For the first time in history, the renowned American Ballet Theatre staged a production where the dancers and creative team are all Black, reports Playbill.

Lifted, which is curated by Jamaican-born choreographer and dancer Christopher Rudd is a breathtaking work that centers on the beauty and pain of Black bodies. With costumes designed by Carly Cushnie, compelling music composed by Carlos Simon, innovative set designs, and everything else in between, the production emerged from the genius of Black creativity.

Additionally, Lifted features six skillful dancers pushing, moving, pushing, and lifting mirrored walls "as part of a massive reflective set with 360-degree vantage points" that is sure to capture the imagination of the audience.

During the height of the COVID-19 pandemic, Rudd drew inspiration for the production from the massive protest of Black people against social injustices and the murder of George Floyd at the hands of police.

“After battling COVID and watching George Floyd murdered, the world was burning around me and I felt a need to create a work that is a protest, an activist’s work,” he recalled. “It reinforced that if I was going to fight to live, I needed to fight for something that spoke to me, spoke to my legacy and spoke to my mortality.”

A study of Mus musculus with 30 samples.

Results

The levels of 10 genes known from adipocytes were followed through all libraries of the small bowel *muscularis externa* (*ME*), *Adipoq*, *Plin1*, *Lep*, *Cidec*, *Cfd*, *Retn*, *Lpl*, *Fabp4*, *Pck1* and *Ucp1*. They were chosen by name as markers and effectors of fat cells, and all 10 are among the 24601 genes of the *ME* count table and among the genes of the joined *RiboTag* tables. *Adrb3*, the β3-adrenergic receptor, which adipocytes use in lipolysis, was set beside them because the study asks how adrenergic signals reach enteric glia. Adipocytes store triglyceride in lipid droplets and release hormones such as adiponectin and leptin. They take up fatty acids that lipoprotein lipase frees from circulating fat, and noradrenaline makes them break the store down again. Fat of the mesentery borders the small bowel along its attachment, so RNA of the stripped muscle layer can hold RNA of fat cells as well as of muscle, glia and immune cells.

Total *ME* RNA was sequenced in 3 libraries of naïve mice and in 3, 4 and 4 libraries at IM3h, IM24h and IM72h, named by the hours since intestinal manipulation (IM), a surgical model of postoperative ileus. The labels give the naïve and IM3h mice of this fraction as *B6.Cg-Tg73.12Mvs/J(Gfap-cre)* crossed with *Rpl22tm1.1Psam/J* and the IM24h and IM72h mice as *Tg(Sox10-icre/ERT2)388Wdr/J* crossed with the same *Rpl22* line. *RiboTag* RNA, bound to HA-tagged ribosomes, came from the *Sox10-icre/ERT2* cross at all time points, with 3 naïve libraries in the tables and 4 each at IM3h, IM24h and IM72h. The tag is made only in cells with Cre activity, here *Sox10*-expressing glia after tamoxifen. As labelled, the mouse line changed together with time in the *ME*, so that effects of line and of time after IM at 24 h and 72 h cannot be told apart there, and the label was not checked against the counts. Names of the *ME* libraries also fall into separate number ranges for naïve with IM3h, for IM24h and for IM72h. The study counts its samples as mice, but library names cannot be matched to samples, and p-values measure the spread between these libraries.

In Lifted, Rudd was intentional in including the Black gay experince that he says was missing from most ballets. His mission was, to tell the truth about his experince in the ballet.

“For most of a dancer’s life, you learn to speak the language of other people, you learn to embody Shakespeare’s words, you learn to embody whoever the choreographer of that work was,” he explained. “Frankly, in my entire existence in ballet, I’ve not accounted for myself in the work I’m doing. Even when I started choreographing, I wouldn’t tell my stories, I wouldn’t tell things I can relate to. [As I conceptualized] Touché, I watched the dancers go across the stage and I was like, ‘Where is me? Where’s a gay narrative? Where is a love story that I can really truly connect to?’”

Instead of traditional ballet attire, dancers wore costumes that reflect their individuality and the collective journey of the story.

Cushnie, whose designs have been worn by Michelle Obama and Beyoncé, said that an all-Black production was a long-time coming.

“We’re using really fluid fabrics that are soft and super drapey, with a lot of twisting details, that resonate with the journey,” she said. “Everything is highlighting shades of brown. We wanted it to really celebrate the Blackness and feeling good in your own skin.”

 “It’s exciting to be able to showcase all these Black artists working together,” she said. “Whether it’s a dancer, the choreographer, costume designer, lighting, whatever. We’ve never had an opportunity to work together like this. Even the shop, the factory that is making the costumes, is Black-owned as well. It’s a really special thing to be a part of.”

Because of Rudd’s bold and inclusive vision, the future of ballet can be a space where Black dreams and freedom are realized.